April 26, 2017 / 1:06 PM / 8 months ago

Add Wells Fargo chairman to fake-accounts firings

NEW YORK (Reuters Breakingviews) - It’s time to add Wells Fargo’s chairman to the list of fake-accounts firings. Just 56 percent of shareholders backed Stephen Sanger at the bank’s annual meeting on Tuesday. That’s a stinging rebuke for his failure as lead director. After 5,300 employees and the Chief Executive John Stumpf paid with their jobs, Sanger and other board members with lackluster support should go, too, to help the bank rehabilitate.

A Wells Fargo logo is seen in New York City, U.S. January 10, 2017. REUTERS/Stephanie Keith

Much of the nearly three-hour gathering at Ponte Vedra Beach, Florida – clear across the country from Wells Fargo’s San Francisco headquarters – felt like a full-blown airing of grievances. Investors, customers and employees past and present took turns lambasting executives and directors.

Complaints ranged beyond just the opening of at least 2 million unwanted bank and credit-card accounts by staff aiming for aggressive sales goals. Also garnering controversy were mortgage foreclosures, equal pay for women and the decision to finance the Dakota Access pipeline amid protests from Native Americans.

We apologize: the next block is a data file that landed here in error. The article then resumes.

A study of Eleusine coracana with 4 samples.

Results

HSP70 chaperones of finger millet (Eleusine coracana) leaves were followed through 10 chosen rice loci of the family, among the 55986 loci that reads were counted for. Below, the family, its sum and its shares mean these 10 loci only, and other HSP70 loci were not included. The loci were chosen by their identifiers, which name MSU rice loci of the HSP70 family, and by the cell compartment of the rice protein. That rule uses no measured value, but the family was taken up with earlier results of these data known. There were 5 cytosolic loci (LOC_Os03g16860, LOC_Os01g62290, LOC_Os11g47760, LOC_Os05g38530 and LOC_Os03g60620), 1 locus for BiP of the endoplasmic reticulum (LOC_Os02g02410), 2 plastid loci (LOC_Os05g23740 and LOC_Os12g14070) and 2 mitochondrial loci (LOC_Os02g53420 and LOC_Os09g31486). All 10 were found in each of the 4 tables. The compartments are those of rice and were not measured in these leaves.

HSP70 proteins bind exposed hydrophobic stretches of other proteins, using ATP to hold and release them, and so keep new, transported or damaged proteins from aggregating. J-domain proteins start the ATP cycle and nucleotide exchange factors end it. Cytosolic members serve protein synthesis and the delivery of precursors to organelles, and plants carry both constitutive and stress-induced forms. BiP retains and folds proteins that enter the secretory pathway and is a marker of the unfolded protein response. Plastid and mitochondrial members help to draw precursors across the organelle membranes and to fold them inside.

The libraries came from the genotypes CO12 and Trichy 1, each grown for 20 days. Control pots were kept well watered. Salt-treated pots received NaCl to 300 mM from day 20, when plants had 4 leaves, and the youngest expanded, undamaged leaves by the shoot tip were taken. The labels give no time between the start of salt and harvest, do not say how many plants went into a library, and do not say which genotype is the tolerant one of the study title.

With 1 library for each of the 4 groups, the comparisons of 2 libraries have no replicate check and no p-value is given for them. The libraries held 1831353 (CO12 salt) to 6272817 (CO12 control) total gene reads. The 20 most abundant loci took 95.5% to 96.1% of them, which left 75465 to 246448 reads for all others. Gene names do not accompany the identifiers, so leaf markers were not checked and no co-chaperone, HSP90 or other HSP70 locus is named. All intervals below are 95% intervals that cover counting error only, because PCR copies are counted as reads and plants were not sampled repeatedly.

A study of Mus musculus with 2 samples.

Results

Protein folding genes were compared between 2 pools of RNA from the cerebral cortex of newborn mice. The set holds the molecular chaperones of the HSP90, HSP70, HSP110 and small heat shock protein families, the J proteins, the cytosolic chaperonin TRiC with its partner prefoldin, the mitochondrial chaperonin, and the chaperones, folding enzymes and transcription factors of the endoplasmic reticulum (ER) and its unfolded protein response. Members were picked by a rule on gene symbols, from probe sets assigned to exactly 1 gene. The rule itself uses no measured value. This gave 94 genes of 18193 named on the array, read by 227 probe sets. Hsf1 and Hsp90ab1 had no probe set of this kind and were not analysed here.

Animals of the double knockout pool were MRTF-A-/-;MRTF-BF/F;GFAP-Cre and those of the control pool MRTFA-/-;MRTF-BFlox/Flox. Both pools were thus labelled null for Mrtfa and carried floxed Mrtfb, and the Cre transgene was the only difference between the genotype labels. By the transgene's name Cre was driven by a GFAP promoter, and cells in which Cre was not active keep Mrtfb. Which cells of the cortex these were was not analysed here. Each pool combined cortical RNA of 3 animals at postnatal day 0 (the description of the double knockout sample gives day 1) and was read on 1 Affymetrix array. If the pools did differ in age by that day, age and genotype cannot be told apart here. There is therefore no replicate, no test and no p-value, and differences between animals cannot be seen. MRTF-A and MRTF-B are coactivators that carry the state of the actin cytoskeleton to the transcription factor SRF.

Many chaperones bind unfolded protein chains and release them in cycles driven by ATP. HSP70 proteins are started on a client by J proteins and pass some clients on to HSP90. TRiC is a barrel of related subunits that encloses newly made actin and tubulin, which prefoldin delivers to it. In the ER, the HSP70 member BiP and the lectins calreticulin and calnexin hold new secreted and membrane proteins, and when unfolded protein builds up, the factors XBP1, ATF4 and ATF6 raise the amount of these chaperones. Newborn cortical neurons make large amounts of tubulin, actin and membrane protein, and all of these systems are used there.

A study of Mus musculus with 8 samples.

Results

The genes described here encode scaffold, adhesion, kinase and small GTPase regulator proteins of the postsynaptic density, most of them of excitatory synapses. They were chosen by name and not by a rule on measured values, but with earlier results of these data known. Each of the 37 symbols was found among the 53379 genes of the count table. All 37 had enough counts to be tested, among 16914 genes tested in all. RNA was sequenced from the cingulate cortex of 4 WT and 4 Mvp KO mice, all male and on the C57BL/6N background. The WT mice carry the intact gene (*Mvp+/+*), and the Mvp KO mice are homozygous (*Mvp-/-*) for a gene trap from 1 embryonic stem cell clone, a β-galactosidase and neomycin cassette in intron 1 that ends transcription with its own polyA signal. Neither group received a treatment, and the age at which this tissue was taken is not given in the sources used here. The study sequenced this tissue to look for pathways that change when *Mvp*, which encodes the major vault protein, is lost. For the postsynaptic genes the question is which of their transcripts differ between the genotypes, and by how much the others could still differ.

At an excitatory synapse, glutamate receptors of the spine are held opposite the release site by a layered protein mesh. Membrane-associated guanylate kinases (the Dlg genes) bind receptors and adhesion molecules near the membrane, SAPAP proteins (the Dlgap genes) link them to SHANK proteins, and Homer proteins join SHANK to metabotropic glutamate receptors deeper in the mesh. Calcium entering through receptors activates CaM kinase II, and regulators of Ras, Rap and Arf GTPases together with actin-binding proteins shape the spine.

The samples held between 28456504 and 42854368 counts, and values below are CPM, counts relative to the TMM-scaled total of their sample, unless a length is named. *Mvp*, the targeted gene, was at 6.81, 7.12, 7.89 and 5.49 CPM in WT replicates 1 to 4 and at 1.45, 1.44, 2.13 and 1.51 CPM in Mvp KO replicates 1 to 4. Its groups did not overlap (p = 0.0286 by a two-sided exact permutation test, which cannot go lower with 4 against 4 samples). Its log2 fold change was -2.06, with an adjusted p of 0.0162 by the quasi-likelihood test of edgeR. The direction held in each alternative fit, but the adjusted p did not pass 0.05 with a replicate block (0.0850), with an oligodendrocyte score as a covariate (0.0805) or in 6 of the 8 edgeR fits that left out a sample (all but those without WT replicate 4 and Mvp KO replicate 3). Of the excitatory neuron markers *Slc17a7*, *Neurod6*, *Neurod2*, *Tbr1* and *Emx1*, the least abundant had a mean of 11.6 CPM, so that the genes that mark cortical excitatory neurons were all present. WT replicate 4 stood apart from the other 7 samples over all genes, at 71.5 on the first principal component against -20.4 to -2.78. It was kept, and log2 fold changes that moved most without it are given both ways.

The duping of customers dominated, however, with shareholder dissatisfaction coalescing around a dozen of the company’s directors up for re-election. None of them secured more than 80 percent of the vote. Only newcomers Karen Peetz, Ronald Sargent and CEO Tim Sloan won nearly unanimous support.

Sanger, the 71-year-old former boss of Cheerios maker General Mills who took the chairman’s seat when Stumpf departed, wasn’t the only one to just squeak by either. Although Warren Buffett’s Berkshire Hathaway voted its 10 percent stake in favor of the whole board, Enrique Hernandez, Federico Peña and Cynthia Milligan fell short of the 60 percent mark. Each leads or sits on one or more of the risk, governance and corporate responsibility committees.

Five more directors failed to clear the 70 percent threshold that typically denotes a serious protest vote and which often forces companies to respond on such matters as say on pay. Not only does it suggest shareholders are displeased that board members were too slow to act, but also that the bank’s internal investigation into the years-long affair was too soft on them.

Sanger called it a “clear message of dissatisfaction” that “the board has heard.” The appropriate response now is for him and some of his colleagues to step down.